While Gov. Greg Abbott says the focus should be on mental health, Democratic candidate Beto O'Rourke says only gun restrictions and regulations will work.

HOUSTON — Texas gubernatorial candidate Beto O’Rourke got up from his chair in the audience to take aim at Gov. Greg Abbott during an update from state officials in Uvalde on Wednesday afternoon.

In addition to other statements, O'Rourke pointed to the governor and shouted, "This is on you until you choose to do something!"

He was escorted out of the news conference soon after that.

The exchange has put a spotlight on the candidates’ opposing positions on Texas' gun ownership laws and how best to prevent potential school shootings in the future.

RELATED: Uvalde school mass shooting: What we know about the victims

The elected officials at the press conference called O'Rourke’s interruption inappropriate and a political stunt.

After O'Rourke was escorted from the auditorium, the Democratic gubernatorial candidate continued his criticism of the governor's gun policy outdoors.

“You want a solution? Stop selling AR-15s in the state of Texas," O'Rourke said. "You want a solution? Have universal background checks, we don’t have them. You want a solution? Red flag laws or extreme orders for protection which stop a shooting before it happens. You want a solution? Safe storage laws.”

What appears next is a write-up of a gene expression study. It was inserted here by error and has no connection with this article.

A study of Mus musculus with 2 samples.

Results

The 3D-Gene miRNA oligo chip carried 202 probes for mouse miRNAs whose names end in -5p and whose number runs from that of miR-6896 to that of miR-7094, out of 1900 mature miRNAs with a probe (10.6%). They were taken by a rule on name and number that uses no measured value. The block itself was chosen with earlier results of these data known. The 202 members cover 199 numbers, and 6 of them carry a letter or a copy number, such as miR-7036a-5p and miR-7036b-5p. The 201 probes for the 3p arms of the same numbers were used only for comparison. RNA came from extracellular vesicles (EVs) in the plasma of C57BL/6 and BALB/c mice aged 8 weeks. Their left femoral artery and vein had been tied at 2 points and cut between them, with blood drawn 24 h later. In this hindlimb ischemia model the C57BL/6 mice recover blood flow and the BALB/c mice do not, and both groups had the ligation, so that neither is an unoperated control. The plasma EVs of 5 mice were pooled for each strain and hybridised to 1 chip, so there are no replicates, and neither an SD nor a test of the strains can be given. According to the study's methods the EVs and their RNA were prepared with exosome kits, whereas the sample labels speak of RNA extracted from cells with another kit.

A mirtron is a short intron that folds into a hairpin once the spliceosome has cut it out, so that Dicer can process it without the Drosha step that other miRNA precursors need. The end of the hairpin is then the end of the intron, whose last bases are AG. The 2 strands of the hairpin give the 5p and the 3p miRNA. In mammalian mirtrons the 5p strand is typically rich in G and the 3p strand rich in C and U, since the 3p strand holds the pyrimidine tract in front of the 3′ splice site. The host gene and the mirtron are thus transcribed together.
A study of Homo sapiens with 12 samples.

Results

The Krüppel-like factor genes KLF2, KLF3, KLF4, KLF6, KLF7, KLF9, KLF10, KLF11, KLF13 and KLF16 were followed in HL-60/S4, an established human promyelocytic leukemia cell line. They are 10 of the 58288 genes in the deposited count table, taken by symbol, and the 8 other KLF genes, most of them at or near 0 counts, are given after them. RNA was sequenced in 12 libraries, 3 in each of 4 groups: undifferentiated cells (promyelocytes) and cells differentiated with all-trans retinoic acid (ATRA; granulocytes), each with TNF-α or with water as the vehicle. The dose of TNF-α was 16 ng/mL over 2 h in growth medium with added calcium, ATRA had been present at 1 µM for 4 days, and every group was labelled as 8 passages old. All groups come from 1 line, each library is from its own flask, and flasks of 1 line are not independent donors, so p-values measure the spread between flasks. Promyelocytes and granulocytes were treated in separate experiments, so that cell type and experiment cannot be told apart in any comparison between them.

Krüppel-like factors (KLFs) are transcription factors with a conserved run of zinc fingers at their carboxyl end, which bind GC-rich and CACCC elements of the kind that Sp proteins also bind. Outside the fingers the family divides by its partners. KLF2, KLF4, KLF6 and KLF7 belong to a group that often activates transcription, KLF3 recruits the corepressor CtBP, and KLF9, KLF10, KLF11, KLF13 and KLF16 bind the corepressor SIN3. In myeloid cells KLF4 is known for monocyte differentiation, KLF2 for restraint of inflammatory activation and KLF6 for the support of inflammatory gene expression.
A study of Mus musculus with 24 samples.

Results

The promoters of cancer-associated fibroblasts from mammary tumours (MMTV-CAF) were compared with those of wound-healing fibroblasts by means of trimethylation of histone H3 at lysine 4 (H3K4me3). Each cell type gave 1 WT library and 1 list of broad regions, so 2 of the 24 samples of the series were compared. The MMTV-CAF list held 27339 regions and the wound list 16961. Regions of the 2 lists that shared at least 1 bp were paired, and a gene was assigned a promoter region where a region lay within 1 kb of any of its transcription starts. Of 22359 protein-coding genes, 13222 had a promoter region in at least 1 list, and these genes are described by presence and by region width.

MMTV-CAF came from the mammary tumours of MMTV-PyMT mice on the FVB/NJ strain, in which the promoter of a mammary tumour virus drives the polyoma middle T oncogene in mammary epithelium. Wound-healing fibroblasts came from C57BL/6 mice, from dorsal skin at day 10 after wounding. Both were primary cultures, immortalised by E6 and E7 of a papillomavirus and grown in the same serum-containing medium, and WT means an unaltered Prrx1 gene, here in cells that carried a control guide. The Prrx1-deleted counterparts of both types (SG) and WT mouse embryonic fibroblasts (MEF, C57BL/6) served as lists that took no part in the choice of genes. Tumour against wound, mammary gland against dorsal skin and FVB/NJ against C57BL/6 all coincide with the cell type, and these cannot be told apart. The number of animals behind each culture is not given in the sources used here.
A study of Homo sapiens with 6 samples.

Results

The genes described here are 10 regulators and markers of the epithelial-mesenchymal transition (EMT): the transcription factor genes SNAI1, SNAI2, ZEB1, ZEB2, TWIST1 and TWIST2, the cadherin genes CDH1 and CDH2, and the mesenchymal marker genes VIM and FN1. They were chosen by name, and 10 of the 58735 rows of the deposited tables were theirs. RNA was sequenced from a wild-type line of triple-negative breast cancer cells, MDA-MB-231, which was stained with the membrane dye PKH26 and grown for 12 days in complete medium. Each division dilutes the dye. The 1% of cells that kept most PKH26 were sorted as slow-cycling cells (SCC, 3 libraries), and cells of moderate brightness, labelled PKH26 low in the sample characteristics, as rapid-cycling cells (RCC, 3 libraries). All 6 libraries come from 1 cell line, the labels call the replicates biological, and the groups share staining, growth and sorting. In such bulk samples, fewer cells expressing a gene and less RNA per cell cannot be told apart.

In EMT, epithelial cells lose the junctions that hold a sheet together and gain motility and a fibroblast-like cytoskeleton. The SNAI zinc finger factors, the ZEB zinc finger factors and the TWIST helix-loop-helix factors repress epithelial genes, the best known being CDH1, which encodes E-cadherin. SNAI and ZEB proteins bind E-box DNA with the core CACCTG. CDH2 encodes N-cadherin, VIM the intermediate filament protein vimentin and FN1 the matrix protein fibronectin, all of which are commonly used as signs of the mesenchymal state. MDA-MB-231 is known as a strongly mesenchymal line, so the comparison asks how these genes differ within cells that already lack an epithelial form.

O’rourke is an advocate for stricter gun laws. He is a supporter of universal background checks in order to purchase firearms. He’s also a proponent of "red flag laws."

These allow law enforcement or family members to petition a court and request an individual’s firearms to be seized if that person is a danger to him/herself or someone else.

During the Democratic presidential primaries, O'Rourke advocated for an assault weapons ban. His plan would force owners of AR-15s and AK-47s to sell the weapons to the government.

O'Rourke also is an advocate for safe storage laws, which would require gun owners to store their weapons in a specific manner so they are not accessible to children or others.

Abbott’s position on gun control is very different. Last year, Abbott signed legislation allowing Texans to carry handguns without a permit.

On Wednesday, he re-stated his long-held position that the problem is not the guns, it’s the shooters.

“Anybody who shoots somebody else has a mental health challenge. Period," Abbott said. "We as a government need to find a way to target that mental health challenge and do something about it.”

Abbott said leaders in Uvalde told him their biggest issue is a lack of mental health resources.

"They said, 'We have a problem with mental health illness in this community ... and the need for more mental health support in this region,'" Abbott said.

After the Santa Fe High School shooting, the Texas legislature passed laws that provided funding for upgrades to campus security and created a standard for campus safety.

Abbott said legislators will now be looking for ways to improve what was already done in 2019. The bottom line is the governor is not in favor of new gun restrictions.

"There are more people that are shot every weekend in Chicago than there are in school shootings in Texas," Abbott said. "And we need to realize that, people who think that, 'Well, maybe if we implement tougher gun laws, it’s going to solve it,' Chicago, L.A. and New York disprove that thesis.”